Women in Alberta’s labour force
Women make up 50 per cent of Alberta’s working age population compared to 46 per cent of the provincial labour force.
By ATB Economics 9 March 2020 1 min read
In light of yesterday being International Women’s Day, The Owl is taking a look at the labour force participation of women in Alberta.
Women make up 50 per cent of Alberta’s working age population compared to 46 per cent of the provincial labour force. The gap at the national level is slightly smaller at 3.3 percentage points.
In this regard, a lot has changed over the last 100 years. In 1921, women accounted for just 10 per cent of Alberta’s labour force. In 1976, when the current labour force data series starts, women represented 49 per cent of the working age population, but only 38 per cent of the labour force.
While almost three-quarters of Alberta women with jobs work full-time, they are more likely than their male counterparts to have part-time positions. Just under 27 per cent of female workers have part-time jobs compared to about 11 per cent among male workers.
Employment growth in Alberta over the last five years has been stronger among women than men. The number of jobs held by women increased by 1.4 per cent in 2019 and by 6.1 per cent compared to 2014. The number of men with jobs contracted by 0.2 per cent in 2019 and was down by 0.5 per cent compared to 2014.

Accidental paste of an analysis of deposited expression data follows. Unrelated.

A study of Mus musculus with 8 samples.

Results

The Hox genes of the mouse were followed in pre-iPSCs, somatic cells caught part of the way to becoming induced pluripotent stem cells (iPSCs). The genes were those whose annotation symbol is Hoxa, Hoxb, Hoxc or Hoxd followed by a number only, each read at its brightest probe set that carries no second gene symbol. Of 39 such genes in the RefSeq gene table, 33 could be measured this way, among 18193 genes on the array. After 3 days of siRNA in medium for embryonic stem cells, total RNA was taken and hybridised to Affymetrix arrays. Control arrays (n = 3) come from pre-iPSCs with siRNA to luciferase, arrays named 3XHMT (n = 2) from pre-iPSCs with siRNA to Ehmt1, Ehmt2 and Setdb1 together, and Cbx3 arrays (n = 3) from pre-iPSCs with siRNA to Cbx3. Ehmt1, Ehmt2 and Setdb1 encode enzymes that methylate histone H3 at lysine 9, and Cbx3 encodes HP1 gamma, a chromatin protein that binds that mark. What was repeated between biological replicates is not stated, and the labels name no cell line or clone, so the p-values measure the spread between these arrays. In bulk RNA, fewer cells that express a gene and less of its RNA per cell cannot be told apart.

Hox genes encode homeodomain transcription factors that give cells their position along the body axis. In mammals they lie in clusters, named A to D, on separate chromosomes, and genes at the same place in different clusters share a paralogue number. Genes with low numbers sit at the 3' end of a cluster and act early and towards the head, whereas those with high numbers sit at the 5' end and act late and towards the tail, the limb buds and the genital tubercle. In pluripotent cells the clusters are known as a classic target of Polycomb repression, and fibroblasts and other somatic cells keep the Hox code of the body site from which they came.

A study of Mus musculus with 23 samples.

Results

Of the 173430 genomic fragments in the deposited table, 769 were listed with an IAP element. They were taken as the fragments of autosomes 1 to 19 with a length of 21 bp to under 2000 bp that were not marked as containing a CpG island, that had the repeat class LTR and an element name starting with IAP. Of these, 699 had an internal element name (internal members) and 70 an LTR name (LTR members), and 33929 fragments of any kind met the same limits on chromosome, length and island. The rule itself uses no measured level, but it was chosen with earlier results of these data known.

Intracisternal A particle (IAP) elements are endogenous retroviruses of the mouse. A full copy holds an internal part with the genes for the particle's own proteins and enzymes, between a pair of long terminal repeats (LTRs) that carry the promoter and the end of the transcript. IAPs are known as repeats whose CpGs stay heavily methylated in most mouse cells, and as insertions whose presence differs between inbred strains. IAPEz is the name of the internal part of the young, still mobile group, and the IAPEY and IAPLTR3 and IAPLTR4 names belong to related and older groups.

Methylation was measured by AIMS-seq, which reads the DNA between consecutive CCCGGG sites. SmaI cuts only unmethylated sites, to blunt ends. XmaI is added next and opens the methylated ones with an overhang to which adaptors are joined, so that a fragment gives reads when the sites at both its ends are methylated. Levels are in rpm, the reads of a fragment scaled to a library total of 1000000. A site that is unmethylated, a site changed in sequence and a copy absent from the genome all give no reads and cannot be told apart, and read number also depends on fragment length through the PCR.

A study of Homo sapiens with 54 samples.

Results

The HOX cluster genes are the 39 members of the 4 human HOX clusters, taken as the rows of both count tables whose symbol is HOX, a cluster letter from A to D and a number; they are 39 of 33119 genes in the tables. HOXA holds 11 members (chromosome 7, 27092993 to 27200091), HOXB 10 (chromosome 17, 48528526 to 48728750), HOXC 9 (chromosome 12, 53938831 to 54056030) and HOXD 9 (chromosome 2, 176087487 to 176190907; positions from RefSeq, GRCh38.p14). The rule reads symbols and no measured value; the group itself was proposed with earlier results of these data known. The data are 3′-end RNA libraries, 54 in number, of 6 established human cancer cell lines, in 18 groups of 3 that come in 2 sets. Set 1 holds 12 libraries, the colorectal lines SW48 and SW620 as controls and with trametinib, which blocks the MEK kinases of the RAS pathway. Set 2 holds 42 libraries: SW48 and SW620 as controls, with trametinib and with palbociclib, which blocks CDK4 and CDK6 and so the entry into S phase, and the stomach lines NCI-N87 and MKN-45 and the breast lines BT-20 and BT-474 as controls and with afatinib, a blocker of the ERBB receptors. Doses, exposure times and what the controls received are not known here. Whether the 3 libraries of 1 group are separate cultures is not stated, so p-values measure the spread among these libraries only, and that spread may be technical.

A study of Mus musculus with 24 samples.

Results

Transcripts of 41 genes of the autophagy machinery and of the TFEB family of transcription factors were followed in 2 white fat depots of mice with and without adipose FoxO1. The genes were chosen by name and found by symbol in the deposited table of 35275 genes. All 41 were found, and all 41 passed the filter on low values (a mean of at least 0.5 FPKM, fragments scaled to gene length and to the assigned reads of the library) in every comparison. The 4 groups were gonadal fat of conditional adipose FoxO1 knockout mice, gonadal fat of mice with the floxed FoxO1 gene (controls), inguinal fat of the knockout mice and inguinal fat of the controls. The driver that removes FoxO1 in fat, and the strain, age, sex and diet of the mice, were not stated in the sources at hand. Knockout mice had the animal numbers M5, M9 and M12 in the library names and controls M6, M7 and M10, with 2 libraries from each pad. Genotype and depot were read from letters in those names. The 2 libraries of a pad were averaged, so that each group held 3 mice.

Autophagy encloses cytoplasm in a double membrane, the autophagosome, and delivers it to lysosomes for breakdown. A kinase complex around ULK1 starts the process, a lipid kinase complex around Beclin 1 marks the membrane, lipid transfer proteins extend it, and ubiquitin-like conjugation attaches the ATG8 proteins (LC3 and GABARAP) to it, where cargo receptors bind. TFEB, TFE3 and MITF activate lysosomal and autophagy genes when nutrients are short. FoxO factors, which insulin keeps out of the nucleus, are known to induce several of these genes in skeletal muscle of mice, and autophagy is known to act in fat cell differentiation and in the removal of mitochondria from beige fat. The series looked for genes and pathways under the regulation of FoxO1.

The number of full-time jobs held by women has increased by 5.4 per cent since 2014, but has fallen by 1.6 per cent for men.
Another sign that women have fared somewhat better than men when it comes to finding and keeping jobs, is that the unemployment rate among women last year was 6.2 per cent compared to 7.5 per cent for men. Both rates are, however, high compared to pre-recession levels.
These numbers only tell part of the story, but they highlight some key points. The proportion of women in the labour force has grown to the point where it is almost equal to that of men. Although women are more likely than men to work part-time, full-time employment is the norm for both sexes. And, while a sluggish economy has hurt both female and male workers, the number of jobs held by women has increased in recent years.